Brani Hadzhi, showroom manager at Multiliving by Scavolini, tells us how she and the team devised an elegant open-plan scheme that morphs easily from a relaxed cooking and dining area into a sophisticated evening entertaining space.
Q: What type of property was it in and who was the project for?
A: The project was for a couple who are passionate about cooking and entertaining. Their property is a two-storey detached house in Hertfordshire, built in the mid-20th Century, with a new double-storey rear extension where the kitchen was relocated. We collaborated with their interior designer, Nicole Haig, on the kitchen design.
Q: What was the brief from the client for this project?
A: The clients wanted the main kitchen to be used for light cooking, relaxing and entertaining, with an island and dining area, so they can socialise with guests. The space needed to be multi-functional with accessible storage. They also wanted a second smaller kitchen, where they can cook traditional Indian dishes.
Q: How did you go about meeting the brief?
A: An open-plan kitchen should always strike the balance between feeling welcoming and relaxing and being practical. The room is bright with a fantastic view of the garden. To retain this, we positioned darker cabinetry at the back of the space. We also designed a large L-shaped island with a hob overlooking the dining table, so the clients can chat with their guests while they cook.
We installed a tall wine fridge and a bank of built-in appliances from Miele, which includes two ovens, a microwave, and a warming drawer. In addition, we included a venting induction hob from Bora, which allowed for a large Anvers pendant light from CTO Lighting to be hung over the adjacent dining table.
The kitchen is located in the extension that features large sliding doors. The couple was keen to make the most of the beautiful natural light, so they chose a recess in the wall to hide the curtains when they are open. To accommodate the space for the curtains, we had to reduce the length of the sink run.
We also installed a second kitchen, which is accessed through a discreet pocket door. This kitchen is equipped with a powerful gas hob, oven, sink, and storage space for essential small appliances. This way, the main kitchen remains free for relaxing and entertaining.
Q: What type of cabinetry did you choose and what made it the perfect choice?
A: We chose a Walnut and Mink scheme, which combines handleless cabinets from Scavolini’s DeLinea and Carattere collections, creating a balance of warm tones mixed with a cool, contemporary look. The clients fell in love with it on their first visit to the Scavolini Multiliving showroom.
Q: Did you use anything different or unusual?
A: When you enter the kitchen the first thing you see are the glass-fronted base cabinets, where drinks are poured and canapés are served. The glass is a beautiful contrast to the solid-fronted doors seen on the sink run. Plus, the lighting installed inside the cabinets means this area looks particularly striking after dark.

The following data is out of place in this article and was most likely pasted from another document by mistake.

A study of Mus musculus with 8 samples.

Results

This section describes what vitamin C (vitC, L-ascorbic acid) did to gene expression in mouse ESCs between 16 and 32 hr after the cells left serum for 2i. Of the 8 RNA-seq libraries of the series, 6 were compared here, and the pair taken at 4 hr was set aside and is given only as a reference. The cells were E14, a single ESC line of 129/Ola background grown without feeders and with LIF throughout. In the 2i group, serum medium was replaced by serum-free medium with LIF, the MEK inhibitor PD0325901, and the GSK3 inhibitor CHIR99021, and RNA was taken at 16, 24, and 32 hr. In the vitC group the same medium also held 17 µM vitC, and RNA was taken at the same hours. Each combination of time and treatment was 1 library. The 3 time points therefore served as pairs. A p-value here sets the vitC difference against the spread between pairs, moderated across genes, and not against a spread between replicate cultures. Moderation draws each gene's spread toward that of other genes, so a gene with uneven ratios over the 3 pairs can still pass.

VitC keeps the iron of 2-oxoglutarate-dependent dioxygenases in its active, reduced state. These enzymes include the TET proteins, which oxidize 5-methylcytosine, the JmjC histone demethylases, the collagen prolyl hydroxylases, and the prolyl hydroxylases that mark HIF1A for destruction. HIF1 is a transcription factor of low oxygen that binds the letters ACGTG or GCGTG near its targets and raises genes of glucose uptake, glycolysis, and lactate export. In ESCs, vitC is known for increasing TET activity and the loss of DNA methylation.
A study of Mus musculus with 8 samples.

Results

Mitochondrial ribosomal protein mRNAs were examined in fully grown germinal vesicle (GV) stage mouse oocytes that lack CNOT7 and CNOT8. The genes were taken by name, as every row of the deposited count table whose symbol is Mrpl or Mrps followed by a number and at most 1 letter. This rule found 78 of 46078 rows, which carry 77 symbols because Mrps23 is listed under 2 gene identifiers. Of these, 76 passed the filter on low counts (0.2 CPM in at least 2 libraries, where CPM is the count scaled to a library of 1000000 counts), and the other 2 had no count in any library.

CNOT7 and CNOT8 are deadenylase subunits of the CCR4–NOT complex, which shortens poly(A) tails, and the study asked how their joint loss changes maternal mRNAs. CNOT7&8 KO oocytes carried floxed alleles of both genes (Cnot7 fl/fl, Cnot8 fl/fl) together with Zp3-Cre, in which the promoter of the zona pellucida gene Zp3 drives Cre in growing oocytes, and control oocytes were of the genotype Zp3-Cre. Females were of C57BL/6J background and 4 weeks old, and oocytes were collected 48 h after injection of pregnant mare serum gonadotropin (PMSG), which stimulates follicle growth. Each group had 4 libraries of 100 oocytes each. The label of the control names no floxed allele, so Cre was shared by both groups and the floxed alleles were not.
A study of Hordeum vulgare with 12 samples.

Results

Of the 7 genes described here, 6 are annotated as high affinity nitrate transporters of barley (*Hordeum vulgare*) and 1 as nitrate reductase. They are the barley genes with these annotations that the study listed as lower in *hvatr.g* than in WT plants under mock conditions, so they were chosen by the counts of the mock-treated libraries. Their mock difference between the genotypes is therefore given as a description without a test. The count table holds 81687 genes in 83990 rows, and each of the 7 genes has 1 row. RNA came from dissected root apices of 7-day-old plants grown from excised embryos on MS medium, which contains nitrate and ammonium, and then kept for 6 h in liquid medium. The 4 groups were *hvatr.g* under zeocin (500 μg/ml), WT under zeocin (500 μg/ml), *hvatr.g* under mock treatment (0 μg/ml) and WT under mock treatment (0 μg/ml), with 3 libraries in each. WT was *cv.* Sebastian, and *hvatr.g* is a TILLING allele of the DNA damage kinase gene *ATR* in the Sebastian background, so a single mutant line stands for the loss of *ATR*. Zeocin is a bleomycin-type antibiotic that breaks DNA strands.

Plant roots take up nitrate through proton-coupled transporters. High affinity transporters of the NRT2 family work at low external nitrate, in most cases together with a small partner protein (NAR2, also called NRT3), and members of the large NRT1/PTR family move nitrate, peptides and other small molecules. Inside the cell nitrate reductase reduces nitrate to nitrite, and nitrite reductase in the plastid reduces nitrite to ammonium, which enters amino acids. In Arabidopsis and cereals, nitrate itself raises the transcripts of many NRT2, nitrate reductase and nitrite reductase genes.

With glass-fronted cabinets everything is on show, so we chose beautiful Anthracite Fabric for the interior, which juxtaposes with the Mink frame and Stone Italiana Grigio Atlantic quartz worktop. The glass is bronze tinted, which injects warmth into the scheme and complements the bronze hot water tap and bronze plinth. In keeping with the other cupboards in the kitchen, the doors are handleless offering a sleek, contemporary look.
In addition to looking good, the glass-fronted cabinet have a practical benefit too. The lady of the house is petite, so these glass-fronted cabinets are easy to access and allow her to display beautiful crystal glassware.
Q: What challenges did you face and what were your solutions to overcome them?
A: Height played a role in the design in a couple of different ways. Firstly, the wife is petite, so we opted for base units only, as accessing wall units would be tricky. To increase storage, we installed two larder units on each side of the ovens. The benefit of the larders is that their contents can be fully pulled out, making it much easier to find what she's looking for. We also added pull-out base cabinets on either side of the Bora hob for the perfect organization of her spices and condiments.
Since the homeowner didn't want wall units, a large space was left above the worktop to the left of the window. Rather than leaving it empty, we proposed a series of three shelves suspended by metal rods. Not only do they look beautiful in the bronze finish, which complements the other bronze elements in the kitchen, but they also provide the perfect place to display decorative objects.
Q: What is your favourite part of the finished project?
A: To create a sleek and streamlined look, we built the appliance run into the wall and lowered the ceiling instead of leaving a gap between the 216mm-high tall units and the ceiling. The false ceiling continues above the wine storage unit and around the corner, providing housing for additional LED lights that create useful task lighting above the sink run.
Q: What is the client's favourite part of the finished project?
A: Our clients love the multifunctional aspect of the space, which can transform from a morning coffee spot at the breakfast bar, to a place for catching up on emails at the dining table during the day, before transitioning to family dinners and entertaining friends in the evening.